Experience prized over academia for startups - but does the UK offer it?
One of the UK’s leading internet companies, Moonfruit, has published research which shows 81% of startups prefer to look towards experience rather than academic achievements such as degrees.
But the real question is - do the experience and skills exist?
According to the research, 47% of employers take more notice of relevant work experience which displays the necessary skills, rather than formal education which has been criticised as not giving the full-range of required knowledge that businesses require.
The most important aspect to a potential candidate’s personality is perhaps quite easily guessed, with 62% of respondents placing entrepreneurialism and creativity as the most important attribute.
“These findings demonstrate that skilled and entrepreneurial candidates are getting ahead of their academic counter-parts in today’s tough job market,” commented Wendy Tan-White, Moonfruit CEO.
Unsurprisingly, social networks are used to gauge a potential employee’s traits. Interestingly however, only 23% consult professional network LinkedIn (to which many display their academic achievements) whereas 77% consult Facebook.
In attempt to restore faith in the education system, and provide the next-generation with a skill set ready to tackle future roles, the Department of Education (DfE) is completely overhauling the ICT curriculum currently taught in schools.
A large part of this re-haul focuses on coding and programming skills, for children as young as five.
Enrique Comba Riepenhausen, a teacher at Makers Academy – an institution which offers fantastic programming tuition - gave me his view on the new curriculum:
“I welcome Michael Gove’s decision to scrap the ‘ICT’ curriculum in order to teach pupils more relevant computing skills, but I still doubt whether the education system is flexible enough to succeed in the long term,” he said.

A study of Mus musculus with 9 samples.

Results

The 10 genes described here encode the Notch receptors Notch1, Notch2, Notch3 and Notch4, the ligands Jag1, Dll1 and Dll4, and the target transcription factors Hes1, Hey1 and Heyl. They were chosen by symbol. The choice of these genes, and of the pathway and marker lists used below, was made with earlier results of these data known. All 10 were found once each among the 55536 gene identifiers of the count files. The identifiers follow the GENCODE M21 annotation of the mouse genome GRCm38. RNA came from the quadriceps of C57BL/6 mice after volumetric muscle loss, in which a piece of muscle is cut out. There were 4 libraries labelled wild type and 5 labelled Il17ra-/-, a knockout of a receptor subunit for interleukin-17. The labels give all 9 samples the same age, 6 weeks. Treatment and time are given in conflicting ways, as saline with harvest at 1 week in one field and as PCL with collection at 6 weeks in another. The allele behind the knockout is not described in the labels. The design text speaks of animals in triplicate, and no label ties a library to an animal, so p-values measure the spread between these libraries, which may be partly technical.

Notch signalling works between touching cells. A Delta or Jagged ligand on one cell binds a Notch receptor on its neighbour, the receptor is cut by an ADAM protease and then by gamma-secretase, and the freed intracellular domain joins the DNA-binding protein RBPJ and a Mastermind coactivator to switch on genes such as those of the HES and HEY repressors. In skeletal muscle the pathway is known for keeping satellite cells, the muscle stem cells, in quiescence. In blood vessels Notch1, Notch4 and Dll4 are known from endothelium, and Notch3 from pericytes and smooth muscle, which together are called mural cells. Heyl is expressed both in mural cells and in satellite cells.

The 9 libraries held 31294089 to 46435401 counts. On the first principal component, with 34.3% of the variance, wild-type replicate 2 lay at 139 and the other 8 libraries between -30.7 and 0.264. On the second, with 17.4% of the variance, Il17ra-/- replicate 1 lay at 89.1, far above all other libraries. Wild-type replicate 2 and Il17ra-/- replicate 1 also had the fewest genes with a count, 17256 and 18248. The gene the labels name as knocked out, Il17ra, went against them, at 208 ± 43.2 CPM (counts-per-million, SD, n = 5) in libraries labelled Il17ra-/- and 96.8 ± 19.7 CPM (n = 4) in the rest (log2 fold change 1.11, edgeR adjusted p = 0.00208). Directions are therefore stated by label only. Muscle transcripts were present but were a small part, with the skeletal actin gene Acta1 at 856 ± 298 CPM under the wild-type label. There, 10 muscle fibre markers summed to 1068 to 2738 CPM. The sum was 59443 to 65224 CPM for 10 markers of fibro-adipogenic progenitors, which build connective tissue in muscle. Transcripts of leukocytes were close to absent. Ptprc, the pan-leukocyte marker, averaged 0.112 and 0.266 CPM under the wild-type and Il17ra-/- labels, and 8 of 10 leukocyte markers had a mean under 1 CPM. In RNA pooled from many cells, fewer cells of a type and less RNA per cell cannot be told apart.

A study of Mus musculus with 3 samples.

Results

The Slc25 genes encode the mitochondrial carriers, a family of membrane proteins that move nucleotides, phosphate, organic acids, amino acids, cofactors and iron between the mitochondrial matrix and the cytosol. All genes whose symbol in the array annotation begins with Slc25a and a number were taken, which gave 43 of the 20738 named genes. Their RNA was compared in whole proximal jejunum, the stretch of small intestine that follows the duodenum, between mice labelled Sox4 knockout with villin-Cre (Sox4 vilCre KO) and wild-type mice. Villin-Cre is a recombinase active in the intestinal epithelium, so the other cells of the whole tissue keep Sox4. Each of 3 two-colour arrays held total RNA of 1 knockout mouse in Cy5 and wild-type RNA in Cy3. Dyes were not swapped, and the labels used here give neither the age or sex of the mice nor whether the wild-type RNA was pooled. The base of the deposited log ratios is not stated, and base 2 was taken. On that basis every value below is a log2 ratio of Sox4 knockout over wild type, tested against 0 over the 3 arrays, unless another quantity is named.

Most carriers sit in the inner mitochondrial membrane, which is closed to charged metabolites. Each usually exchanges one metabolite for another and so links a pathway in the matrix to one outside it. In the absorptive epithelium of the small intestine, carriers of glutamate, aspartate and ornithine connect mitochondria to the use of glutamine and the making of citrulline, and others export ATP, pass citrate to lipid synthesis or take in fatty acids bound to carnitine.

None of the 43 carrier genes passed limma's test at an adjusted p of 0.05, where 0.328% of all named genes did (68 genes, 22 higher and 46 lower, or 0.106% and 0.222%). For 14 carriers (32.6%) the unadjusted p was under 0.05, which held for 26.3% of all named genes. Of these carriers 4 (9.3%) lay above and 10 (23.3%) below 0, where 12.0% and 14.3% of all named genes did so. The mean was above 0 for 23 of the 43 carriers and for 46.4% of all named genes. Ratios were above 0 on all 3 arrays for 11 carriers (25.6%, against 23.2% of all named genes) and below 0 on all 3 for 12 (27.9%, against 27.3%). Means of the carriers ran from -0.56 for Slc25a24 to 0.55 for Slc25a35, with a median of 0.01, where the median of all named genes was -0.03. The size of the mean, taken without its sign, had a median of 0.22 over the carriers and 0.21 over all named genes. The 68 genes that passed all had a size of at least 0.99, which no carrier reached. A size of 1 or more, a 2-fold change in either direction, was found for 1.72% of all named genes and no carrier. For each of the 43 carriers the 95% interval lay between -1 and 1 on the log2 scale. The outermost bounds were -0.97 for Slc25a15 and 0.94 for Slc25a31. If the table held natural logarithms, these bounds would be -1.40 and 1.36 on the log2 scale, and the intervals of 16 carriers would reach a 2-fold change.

“There’s no doubt that parts of the old curriculum are useful, such as learning how to use software like Microsoft Word, but many children will pick this up at an early age anyway.
“Providing pupils with skills that employers need, and that they don’t already have, will ultimately set them up for employment and help businesses find the skilled workers they have been looking for.
Riepenhausen added that, in many cases, appearances can be deceptive.
“It is widely known that there an IT skills gap, especially with regards to programming,” he said. “I’ve been in a position where I’ve needed to hire developers many times before and the same problem always arises – computer science degree graduates are simply not ready to be programmers.
“All the way from primary school to university they work with old technology due to the inflexibility of the accreditation process, and are so focused on theory based learning that they are often completely unprepared to tackle everyday practical tasks they would come across in the workplace.
“It is difficult to see how the change of curriculum will fix this problem, but at least it’s a step in the right direction.”
A step in the right direction it might be, but what was the alternative for Riepenhausen and many others when the system fails them?
“The lack of opportunity to learn effective programming in schools means that many people with an interest in obtaining these skills resort to self-teaching. I was one of these people and I can tell you it is a thankless task,” he said.
“The perception that you can spend an hour or two every night researching how to code and prepare yourself for an entry level developer position in just a few months is a fallacy. That’s why I became a teacher at Makers Academy, which is a twelve week intensive course teaching web development skills to novices.
“This gives me the chance to help others avoid the difficult learning process that I experienced years ago.”
What do you think about Moonfruit’s research? Do you support programming being taught in schools?